The National Institute of Health released a study in March, 2007 after following a group of children through early childhood to the 6th grade.[89] The study found that the children who received a higher quality of childcare scored higher on 5th grade vocabulary tests than the children who had attended childcare of a lower quality. The study also reported that teachers found children from childcare to be "disobedient", fight more frequently, and more argumentative. The study reported the increases in both aggression and vocabulary were small. "The researchers emphasized that the children’s behavior was within the normal range and were not considered clinically disordered."
Indiana is home to 251,296 infants and toddlers, 3.8% of the population. As many as 47 percent live in households with incomes less than $50,000 a year for a family of four. A broad array of policies and services are required to ensure that all of them have an equitable start in life; explore more from ZERO TO THREE and Child Trends's State of Babies Yearbook 2019 to see how Indiana is doing to support babies.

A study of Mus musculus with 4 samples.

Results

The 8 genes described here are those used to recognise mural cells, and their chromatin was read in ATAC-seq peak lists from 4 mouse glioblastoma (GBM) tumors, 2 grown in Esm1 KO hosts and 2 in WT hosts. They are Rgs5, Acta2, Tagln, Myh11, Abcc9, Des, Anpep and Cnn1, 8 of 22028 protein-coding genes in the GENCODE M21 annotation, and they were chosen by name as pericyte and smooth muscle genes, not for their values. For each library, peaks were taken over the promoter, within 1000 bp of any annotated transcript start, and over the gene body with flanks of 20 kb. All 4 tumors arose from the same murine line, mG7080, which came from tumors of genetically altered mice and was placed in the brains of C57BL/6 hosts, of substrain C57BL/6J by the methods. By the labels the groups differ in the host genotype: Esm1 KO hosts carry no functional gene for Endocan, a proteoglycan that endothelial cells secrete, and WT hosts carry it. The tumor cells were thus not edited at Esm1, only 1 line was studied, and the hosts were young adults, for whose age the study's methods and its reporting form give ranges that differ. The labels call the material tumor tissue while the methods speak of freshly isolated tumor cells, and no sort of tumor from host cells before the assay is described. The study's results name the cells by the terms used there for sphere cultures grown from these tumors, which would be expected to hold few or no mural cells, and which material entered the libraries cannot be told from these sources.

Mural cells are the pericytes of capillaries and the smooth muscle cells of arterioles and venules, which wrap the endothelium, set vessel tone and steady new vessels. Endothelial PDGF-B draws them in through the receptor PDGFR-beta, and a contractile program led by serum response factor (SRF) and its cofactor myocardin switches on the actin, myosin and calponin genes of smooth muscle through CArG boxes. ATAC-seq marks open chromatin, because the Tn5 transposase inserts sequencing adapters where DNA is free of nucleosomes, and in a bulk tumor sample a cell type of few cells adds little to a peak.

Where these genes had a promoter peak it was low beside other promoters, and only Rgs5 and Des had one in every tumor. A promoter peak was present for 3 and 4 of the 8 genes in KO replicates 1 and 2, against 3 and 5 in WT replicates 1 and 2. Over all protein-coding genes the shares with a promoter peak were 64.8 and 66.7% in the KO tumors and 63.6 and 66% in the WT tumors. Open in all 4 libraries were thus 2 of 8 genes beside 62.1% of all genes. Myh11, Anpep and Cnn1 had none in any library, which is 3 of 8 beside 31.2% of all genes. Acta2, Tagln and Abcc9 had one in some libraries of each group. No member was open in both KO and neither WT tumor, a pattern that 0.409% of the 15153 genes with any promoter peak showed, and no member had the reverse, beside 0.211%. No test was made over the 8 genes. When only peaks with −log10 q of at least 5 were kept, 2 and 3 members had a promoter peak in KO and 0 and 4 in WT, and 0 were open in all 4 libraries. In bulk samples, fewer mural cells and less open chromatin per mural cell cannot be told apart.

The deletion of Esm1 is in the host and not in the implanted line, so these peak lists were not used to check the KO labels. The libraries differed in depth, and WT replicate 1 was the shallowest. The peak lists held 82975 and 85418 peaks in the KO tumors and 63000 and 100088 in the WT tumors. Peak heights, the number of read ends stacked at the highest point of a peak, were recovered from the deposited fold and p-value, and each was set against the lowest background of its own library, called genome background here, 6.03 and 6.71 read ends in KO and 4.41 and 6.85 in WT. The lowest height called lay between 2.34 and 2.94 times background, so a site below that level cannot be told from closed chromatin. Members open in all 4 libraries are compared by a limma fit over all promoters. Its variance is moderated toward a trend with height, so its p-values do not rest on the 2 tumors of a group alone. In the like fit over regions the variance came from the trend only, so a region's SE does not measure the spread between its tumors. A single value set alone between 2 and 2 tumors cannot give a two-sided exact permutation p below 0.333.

People are still getting a lot of their healthcare from emergency room visits when they don’t have to, but we’re making progress. According to the CDC, in 2011, only 2 out of 3 people visited the ER due to the “seriousness of the medical problem.” By 2014, more than 7 out of 8 people visited the ER because of a serious medical problem. “Urgent care centers and other on-demand healthcare options in Denver and Boulder are expanding their services to treat more illnesses and injuries, making it easier for patients to access affordable care,” says Greg Meadows, CEO at Rocky Mountain Urgent Care & Family Medicine. “ER-alternatives provide high-quality, affordable care when patients need it most.”
We’ve conducted extensive research to uncover the health needs specific to communities in Colorado and western Kansas. The result is customized Neighborhood Health Centers prepared to serve the population in specific geographic areas - based on its demographics, health status and trends, existing health care resources and gaps in available services.
Indiana is home to 251,296 infants and toddlers, 3.8% of the population. As many as 47 percent live in households with incomes less than $50,000 a year for a family of four. A broad array of policies and services are required to ensure that all of them have an equitable start in life; explore more from ZERO TO THREE and Child Trends's State of Babies Yearbook 2019 to see how Indiana is doing to support babies.